Humans of Loyola: Dragan Purković demystifies death through the written word

“Ever since I could pick up a pencil, I wrote and drew,” explained Dragan Purković, a senior writing major who was invited to read his poetry at the Baltimore Book Festival in October. Writing is a natural means of expression for Purković, and Loyola has helped him perfect his craft to use in future endeavors. Fascinated by the concept of endings and closures, he writes to reestablish what it means when humans pass on.

Raised in Belgrade, Serbia, Purković’s writing inspirations stem from the mythological, religious and historical references that surrounded him during his childhood. He experienced the effects of the Balkan wars in the 90’s first-hand and was forced to accept the idea of endings and death early in his life. Particular poems of Purković’s like “Syria by the Sea,” and “No Man’s Land” speak about the natural cycle of birth and death and ask the readers if they have forgotten the art of letting go and appreciating endings.

“It’s not in our consciousness anymore, and that bothers me because I don’t think death has to be this scary thing. I’m just trying to find the beauty among all the negativity nowadays. A lot of the places we hear about today have so much history and so much contribution to the human spirit and heart, and now all you hear about is war and death and destruction,” he explained.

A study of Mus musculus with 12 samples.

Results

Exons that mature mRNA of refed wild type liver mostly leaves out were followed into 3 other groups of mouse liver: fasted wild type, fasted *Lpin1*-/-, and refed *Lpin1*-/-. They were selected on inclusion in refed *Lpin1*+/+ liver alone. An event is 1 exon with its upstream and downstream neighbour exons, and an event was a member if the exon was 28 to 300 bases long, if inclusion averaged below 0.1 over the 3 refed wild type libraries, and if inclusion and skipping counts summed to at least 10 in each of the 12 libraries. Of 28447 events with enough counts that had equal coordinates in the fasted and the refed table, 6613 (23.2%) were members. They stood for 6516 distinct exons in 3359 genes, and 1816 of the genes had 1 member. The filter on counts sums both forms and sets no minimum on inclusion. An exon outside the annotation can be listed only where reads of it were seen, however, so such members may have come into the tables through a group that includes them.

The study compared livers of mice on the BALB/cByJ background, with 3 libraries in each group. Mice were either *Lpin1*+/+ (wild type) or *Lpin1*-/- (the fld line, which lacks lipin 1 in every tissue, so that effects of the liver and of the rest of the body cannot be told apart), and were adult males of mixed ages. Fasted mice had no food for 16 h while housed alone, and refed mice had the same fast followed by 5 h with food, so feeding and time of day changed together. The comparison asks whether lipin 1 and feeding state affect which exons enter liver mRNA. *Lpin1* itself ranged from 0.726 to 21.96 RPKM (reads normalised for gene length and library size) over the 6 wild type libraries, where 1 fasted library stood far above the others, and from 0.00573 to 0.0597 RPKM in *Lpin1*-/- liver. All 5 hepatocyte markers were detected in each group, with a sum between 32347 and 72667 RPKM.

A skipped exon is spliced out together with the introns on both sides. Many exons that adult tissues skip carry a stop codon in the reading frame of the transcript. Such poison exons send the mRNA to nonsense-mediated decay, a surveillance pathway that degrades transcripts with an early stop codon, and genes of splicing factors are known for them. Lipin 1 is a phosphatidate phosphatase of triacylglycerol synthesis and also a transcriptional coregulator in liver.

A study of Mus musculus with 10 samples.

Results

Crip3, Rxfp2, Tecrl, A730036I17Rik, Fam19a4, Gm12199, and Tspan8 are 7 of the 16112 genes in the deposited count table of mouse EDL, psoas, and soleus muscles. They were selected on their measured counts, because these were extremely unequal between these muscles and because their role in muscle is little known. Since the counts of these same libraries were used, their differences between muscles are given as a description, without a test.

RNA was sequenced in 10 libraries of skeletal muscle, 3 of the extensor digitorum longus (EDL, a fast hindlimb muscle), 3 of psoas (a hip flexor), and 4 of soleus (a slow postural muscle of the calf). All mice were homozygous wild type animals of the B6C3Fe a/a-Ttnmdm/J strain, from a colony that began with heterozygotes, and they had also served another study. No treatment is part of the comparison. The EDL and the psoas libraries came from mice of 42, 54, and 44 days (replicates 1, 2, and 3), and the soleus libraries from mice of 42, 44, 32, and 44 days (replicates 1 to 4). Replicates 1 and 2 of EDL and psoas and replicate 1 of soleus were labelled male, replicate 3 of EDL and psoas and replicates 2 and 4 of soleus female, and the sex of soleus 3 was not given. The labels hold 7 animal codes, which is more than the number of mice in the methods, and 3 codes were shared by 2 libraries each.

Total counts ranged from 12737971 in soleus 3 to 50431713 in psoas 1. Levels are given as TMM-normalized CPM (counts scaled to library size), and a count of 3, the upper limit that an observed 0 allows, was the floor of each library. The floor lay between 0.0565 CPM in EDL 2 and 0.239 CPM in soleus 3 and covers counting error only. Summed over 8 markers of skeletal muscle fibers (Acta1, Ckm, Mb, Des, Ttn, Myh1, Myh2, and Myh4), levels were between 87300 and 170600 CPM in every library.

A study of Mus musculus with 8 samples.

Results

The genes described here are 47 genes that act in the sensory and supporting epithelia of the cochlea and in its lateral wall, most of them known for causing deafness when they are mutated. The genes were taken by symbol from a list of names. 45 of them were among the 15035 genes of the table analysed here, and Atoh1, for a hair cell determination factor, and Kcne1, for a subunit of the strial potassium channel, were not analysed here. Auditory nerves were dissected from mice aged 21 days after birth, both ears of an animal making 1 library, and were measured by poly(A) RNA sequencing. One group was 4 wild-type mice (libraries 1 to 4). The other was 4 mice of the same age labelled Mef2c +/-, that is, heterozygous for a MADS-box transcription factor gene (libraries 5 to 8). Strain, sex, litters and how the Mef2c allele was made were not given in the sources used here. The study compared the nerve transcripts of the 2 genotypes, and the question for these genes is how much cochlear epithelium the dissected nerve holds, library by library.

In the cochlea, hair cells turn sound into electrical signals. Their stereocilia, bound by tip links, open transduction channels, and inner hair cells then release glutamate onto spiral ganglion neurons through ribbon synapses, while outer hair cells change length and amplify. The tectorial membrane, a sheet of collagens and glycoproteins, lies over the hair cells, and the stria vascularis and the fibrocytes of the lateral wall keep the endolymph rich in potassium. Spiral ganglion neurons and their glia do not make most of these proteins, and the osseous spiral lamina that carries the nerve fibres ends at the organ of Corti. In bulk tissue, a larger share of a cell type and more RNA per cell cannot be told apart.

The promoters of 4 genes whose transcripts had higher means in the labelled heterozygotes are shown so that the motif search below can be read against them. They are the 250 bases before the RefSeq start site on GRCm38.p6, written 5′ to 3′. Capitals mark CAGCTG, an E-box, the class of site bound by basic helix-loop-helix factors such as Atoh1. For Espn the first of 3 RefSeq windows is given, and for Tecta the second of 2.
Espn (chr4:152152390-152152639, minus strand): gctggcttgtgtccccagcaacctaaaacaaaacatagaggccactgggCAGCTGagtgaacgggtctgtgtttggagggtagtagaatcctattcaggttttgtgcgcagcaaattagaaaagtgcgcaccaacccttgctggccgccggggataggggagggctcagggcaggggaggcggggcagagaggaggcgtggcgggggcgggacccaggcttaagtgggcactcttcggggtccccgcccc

Purković uses his experiences to challenge the idea that losing someone or something is a tragic, frightening event. In his poetry, he reinforces that death is an inevitable part of life that should be embraced rather than feared.

“That was kind of personal for me because I experienced a lot of that firsthand, and so knowing that [Serbians] have something beautiful to offer as a culture, as a people, and that gets overshadowed by war and the negatives of death. It kind of just brings you back into perspective.”

An untitled work of Purković’s describes a revelation he had on a flight from Belgrade to Rome. After ascending, he noticed that the sky is always completely clear no matter what is happening beneath the clouds, which he used as a metaphor for life when one’s perspective or position is above the world’s problems.

Loyola is another place that has inspired Purković’s writing. The liberal arts curriculum has helped him learn more about his interests in mythology, religion, and history. Engaging in class discussions, even when he did not fully understand the topic, has allowed him to find new, interesting material to write about. Speaking to his accessible, knowledgeable professors has also benefited his general understanding of different subjects and his own writing.

“You’d be surprised the amount of care [professors] would take to keep you educated outside of classes,” he said. “I’ve had so many professors just say, ‘Hey, I can lend you this book.’”

Purković hopes to continue exploring the world and using his love of music as a gateway to new writing opportunities. His dream career would be in publishing or tutoring—anywhere he can help people express themselves—while working on his creative projects in hopes they will one day become the main focus.

“Helping people articulate themselves is so rewarding. But I’m a creator. I have to do something creative,” he said.

Using his experiences and passion for poetry, fiction, and music, Purković continues to normalize conversations about death in hopes of creating a more positive outlook on this natural human experience.